A dismal 19% of consumers aware of sub-prime market

Despite predictions that the sub-prime sector is set to grow significantly over the next few years, only 19% of consumers have heard of the sub-prime market, research from Beacon Homeloans reveals.

While many consumers were ignorant as to what this sector actually covered, they were clearer as to who could benefit from it.

The research found that 42% of respondents identified people with credit problems as the primary users, whilst 21% felt the market targeted the self-employed.

However, a worrying 20% considered it to be a market for people who need to borrow above their income multiples, 10% stated that they thought it was for divorcees and 8% for the unemployed.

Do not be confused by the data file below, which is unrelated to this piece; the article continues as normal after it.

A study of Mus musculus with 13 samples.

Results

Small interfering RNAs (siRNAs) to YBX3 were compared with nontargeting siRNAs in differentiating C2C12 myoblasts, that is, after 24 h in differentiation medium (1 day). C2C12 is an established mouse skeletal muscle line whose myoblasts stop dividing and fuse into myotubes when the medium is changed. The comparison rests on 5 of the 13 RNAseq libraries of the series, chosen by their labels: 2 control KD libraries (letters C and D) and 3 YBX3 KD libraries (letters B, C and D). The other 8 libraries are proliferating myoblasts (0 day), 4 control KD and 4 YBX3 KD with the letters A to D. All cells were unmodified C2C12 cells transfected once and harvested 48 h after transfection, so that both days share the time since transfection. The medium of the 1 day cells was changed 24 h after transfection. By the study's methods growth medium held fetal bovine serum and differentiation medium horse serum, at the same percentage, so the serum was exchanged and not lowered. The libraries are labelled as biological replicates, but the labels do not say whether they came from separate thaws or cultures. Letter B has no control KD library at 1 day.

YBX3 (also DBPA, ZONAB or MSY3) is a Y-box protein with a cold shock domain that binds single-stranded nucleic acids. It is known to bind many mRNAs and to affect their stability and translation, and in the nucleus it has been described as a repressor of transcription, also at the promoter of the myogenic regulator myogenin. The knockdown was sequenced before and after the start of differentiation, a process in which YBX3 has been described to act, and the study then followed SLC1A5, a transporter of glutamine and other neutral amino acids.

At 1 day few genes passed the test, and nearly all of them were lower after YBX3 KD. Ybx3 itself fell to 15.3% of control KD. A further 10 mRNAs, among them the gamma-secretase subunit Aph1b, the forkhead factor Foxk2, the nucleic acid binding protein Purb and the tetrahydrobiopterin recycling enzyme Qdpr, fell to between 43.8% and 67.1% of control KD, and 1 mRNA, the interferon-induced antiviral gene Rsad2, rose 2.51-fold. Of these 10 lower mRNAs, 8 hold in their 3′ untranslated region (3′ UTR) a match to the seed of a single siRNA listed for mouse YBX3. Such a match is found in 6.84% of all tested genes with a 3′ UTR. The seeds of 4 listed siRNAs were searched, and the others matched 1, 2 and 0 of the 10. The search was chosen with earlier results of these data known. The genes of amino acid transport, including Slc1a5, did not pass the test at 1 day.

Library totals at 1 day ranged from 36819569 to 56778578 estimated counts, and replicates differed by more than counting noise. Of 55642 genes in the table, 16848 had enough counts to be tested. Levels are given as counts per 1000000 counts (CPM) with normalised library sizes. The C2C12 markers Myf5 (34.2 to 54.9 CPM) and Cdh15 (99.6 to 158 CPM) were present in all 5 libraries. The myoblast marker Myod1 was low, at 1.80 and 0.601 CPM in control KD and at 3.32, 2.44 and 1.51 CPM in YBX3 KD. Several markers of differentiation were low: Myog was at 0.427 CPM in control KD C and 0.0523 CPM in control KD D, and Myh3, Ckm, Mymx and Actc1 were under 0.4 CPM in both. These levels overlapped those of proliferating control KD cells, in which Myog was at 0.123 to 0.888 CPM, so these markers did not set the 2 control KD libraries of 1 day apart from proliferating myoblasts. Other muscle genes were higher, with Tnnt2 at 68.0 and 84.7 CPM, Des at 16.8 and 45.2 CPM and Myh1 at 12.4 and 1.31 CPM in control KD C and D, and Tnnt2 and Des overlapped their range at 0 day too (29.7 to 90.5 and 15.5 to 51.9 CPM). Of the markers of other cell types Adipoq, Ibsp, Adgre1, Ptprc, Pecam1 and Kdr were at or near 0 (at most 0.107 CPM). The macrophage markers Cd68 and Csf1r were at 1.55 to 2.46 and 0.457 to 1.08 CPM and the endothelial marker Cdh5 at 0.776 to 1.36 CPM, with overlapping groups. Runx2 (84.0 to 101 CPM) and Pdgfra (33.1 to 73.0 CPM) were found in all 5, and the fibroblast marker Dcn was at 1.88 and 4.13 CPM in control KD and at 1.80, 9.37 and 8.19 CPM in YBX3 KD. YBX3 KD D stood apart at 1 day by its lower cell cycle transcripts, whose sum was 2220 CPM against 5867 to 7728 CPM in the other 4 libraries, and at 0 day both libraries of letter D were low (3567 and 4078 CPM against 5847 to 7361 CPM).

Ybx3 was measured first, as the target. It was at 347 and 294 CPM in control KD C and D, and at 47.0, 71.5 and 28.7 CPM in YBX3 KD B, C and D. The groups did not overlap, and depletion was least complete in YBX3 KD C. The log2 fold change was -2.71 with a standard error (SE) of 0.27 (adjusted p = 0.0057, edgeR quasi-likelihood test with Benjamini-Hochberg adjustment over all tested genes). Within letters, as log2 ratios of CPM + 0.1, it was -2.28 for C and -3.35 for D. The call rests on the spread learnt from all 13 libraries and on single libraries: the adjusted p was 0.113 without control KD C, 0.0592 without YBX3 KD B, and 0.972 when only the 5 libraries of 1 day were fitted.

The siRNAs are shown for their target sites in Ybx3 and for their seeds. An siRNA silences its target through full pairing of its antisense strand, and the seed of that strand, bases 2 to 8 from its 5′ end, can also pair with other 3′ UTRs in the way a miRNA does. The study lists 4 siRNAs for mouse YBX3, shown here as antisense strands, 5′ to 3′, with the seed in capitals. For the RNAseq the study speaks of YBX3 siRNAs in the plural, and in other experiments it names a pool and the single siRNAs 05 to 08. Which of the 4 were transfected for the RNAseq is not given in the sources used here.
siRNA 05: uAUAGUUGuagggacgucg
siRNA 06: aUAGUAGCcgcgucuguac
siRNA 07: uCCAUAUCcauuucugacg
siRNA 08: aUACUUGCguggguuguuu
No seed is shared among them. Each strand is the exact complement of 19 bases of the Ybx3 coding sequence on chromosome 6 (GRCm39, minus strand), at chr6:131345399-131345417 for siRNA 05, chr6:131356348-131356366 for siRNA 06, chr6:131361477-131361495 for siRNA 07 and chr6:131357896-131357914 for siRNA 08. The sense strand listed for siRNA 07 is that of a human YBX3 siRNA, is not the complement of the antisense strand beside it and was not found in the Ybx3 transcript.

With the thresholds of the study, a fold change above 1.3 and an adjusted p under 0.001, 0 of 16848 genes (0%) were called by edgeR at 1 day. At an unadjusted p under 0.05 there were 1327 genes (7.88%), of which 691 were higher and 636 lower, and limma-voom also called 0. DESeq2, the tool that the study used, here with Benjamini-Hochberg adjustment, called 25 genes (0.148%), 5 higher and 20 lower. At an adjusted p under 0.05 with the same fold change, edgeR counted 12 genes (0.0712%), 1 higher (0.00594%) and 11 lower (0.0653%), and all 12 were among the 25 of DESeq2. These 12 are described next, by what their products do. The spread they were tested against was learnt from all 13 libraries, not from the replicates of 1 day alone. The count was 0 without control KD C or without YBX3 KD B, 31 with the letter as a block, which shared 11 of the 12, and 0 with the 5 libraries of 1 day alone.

The survey went on to reveal that in a society where 30% of people admitted to credit difficulties, very few people had any real knowledge of the specialist mortgage products available to help them purchase a home.

Just 42% of respondents correctly identified a sub-prime mortgage as one that could be taken out by people who had credit difficulties in the past.

The remaining respondents believe this type of financing combined different interest rates (40%), was any mortgage you got from an institution other than a high street bank (11%) or allowed you to borrow more than five times your salary (8%).

Possibly due to the extensive interest this type of product received after the BBC Watchdog programme in 2004, more consumers correctly identified what a self-cert mortgage is (69%).

However, there was also a certain level of ignorance with 13% believing this is when you employer certifies your income, 10% a type of financing which allows irregular payments and 9% saying it takes into account previous payment history.

However, the report did reveal some good news with 44% of consumers saying that if they had credit problems and needed a mortgage they would firstly speak to an independent financial adviser.

The remaining respondents would visit their bank first (22%), their building society (21%) or a specialist lender (12%).